US Rep. Ilhan Omar (D-MN) (L) talks with Speaker of the House Nancy Pelosi (D-CA) during a rally with fellow Democrats before voting on H.R. 1, or the People Act, on the East Steps of the US Capitol on March 08, 2019 in Washington, DC. (AFP photo)
The building of the United States's Embassy in Novinsky Boulevard in central Moscow, Russia. (File photo by AP)

The Russian foreign ministry has called on the US embassy in Moscow to lift the diplomatic immunity of three of its staff suspected of stealing personal belongings from a Russian citizen.

The three employees would have to leave Russia immediately if the United States refuses to lift their diplomatic immunity, the Interfax news agency cited the ministry as saying on Friday.

According to Interfax, three US citizens from the Moscow embassy under the influence of alcohol stole a backpack from a Russian man in a bar in central Moscow.

The Moscow police identified the three men as servicemen of the US Marine Corps aged 21 to 26, the news agency reported, citing police spokesman Vladimir Vasenin.

The Russian state-owned news agency Tass said the alleged theft occurred on Sept. 18 and reported that the Interior Ministry estimated the value of the stolen items at just over $200.

A criminal case has been launched over the incident and the possible charges carry a maximum penalty of five years in jail.

Moscow’s move comes days after NATO expelled eight members of Russia’s delegation to the military alliance over allegations that those supposed diplomats were acting as spies for the Kremlin.

The relationship between NATO and Russia is at its lowest point since the end of the Cold War and Moscow slams the decision for undermining the normalization of ties between the US-led military alliance and the Kremlin.

The US Mission to NATO declined to comment on the reasons behind the expulsion, but Jeff Adler, a spokesperson for the US Mission to NATO, said, “It was based on intelligence, and we don’t discuss intelligence matters.”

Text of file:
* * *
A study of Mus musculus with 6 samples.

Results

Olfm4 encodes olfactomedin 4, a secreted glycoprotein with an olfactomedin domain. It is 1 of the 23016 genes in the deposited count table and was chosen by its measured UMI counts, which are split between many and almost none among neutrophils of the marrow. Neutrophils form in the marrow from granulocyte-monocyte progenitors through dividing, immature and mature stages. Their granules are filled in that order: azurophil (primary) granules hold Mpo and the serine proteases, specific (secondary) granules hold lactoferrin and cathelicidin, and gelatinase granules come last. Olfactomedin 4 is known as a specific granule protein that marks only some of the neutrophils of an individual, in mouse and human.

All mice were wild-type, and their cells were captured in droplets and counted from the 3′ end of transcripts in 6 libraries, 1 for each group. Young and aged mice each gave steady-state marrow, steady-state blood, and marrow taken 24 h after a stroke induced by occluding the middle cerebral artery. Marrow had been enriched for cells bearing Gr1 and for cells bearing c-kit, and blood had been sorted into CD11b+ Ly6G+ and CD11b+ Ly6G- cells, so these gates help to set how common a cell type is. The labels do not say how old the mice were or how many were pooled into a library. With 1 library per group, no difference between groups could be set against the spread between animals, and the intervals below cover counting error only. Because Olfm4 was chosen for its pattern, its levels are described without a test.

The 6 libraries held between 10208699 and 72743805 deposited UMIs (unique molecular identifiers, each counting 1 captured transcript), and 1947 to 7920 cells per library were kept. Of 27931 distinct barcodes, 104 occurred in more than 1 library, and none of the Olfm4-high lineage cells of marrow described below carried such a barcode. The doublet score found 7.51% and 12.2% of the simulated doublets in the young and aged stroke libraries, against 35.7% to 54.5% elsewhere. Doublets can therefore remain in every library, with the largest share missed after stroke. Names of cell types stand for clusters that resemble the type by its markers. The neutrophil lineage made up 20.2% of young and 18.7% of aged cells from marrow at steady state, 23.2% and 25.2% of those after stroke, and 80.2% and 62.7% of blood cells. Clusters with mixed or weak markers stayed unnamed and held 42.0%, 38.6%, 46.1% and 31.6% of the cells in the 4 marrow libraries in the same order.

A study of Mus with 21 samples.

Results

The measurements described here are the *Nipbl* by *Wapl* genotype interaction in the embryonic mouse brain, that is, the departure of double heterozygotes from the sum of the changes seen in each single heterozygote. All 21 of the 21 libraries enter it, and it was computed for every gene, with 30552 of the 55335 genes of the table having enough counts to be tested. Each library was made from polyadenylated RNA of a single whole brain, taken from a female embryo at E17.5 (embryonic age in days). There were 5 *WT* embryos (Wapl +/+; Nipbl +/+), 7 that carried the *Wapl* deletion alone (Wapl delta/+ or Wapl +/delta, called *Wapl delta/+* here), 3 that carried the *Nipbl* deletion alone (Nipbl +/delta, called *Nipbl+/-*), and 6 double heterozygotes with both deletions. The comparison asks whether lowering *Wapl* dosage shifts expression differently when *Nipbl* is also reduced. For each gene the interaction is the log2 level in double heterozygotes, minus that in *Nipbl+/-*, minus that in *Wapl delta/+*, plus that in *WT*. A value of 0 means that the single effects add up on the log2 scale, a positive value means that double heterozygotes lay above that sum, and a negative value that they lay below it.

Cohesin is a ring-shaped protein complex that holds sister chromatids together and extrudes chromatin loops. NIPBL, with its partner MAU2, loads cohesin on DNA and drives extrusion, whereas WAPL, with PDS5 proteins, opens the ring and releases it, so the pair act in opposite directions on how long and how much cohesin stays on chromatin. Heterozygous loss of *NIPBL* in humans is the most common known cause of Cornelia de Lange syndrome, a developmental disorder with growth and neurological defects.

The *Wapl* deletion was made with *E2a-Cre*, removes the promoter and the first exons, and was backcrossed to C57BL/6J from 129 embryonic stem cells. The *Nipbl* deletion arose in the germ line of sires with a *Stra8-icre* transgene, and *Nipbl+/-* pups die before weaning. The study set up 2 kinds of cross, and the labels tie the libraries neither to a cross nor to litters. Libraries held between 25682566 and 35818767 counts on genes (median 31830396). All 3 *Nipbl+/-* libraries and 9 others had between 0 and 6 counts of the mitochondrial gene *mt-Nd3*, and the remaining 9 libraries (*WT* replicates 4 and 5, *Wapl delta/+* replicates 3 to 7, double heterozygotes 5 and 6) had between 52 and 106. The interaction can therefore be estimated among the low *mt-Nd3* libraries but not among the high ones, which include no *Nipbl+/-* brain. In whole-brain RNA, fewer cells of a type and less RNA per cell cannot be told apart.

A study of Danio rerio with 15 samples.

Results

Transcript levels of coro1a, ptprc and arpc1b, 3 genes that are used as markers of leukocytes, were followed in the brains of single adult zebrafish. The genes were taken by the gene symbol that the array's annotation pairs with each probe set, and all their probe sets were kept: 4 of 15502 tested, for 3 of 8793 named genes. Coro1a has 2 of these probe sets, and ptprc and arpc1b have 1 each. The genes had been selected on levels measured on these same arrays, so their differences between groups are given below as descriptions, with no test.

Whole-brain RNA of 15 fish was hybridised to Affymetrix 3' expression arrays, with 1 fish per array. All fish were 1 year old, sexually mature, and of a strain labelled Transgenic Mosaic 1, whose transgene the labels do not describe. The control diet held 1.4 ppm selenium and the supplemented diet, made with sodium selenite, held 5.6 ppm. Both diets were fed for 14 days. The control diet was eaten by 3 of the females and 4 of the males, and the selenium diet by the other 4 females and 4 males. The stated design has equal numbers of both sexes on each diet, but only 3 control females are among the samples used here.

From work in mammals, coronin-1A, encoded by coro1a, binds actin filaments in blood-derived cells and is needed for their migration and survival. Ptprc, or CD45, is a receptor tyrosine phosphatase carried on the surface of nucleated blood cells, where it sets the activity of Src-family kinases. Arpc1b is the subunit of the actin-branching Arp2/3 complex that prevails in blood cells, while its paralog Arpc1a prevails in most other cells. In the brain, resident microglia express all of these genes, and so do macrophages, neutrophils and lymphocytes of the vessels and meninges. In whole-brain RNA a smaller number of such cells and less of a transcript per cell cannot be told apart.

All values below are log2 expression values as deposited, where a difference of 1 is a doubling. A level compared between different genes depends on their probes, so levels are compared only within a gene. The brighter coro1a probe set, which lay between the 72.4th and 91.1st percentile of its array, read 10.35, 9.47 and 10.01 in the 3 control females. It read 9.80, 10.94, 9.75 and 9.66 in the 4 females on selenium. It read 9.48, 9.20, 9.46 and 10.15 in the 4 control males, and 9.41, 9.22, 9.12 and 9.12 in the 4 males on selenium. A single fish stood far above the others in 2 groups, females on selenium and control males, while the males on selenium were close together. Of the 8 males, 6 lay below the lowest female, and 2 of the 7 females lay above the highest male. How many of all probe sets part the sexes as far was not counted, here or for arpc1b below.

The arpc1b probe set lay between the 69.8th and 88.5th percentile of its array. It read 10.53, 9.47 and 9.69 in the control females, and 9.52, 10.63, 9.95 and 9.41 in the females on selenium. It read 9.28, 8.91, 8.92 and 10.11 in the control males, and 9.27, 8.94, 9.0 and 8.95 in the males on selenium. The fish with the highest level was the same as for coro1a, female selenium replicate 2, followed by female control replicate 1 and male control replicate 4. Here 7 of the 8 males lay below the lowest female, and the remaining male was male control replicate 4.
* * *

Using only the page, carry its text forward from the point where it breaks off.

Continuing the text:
The alliance also reduced the number of Russian representatives that can receive accreditation from NATO from 20 to 10, the NATO official said.

Tensions are at an all-time high between Moscow and Washington over a range of issues, including claims of meddling in US elections and Russia's human rights record.

Earlier this week a group of US Democratic and Republican senators have called on President Joe Biden to expel up to 300 Russian diplomats from the United States if Moscow did not issue more visas for Americans to represent Washington in Russia.

“Russia must issue enough visas to approach parity between the number of American diplomats serving in Russia and the number of Russian diplomats serving in the United States,” they said.

Russia's foreign ministry in response has said Moscow did not have that number of diplomats in Washington and that the proposal appeared to include diplomatic staff at Russia’s mission at the United Nations.

Russian officials said if that proposal were implemented, Russia would force the closure of the US Embassy in Moscow.

The row is the latest in a series of events occurred between two countries over embassy staffing. In March, the United States imposed sanctions against seven Russian officials around President Vladimir Putin, blocking their access to various US assets.

In April, Russia ordered 10 American diplomats to leave the country after the United States expelled Russian diplomats and imposed more sanctions on several dozen Russian individuals and companies.

At the time, relations between the two world powers had deteriorated because Biden had said he believed Putin is a “killer.”

In response, Moscow advised US Ambassador John Sullivan to go to Washington for consultations and recalled its own ambassador to Washington, Anatoly Antonov.

Russia in August banned the US embassy in Moscow from retaining, hiring or contracting Russian or third-country nationals, except for guards, forcing the mission to let go 182 employees and dozens of contractors.

Relations remain frosty, howsoever, two countries have deep-seated differences over many issues such as the situation in Ukraine, arms control, human rights, and cyber security, but recently Putin and Biden met in a high-profile summit in June at which they agreed it was vital to keep talking despite the differences that divide them.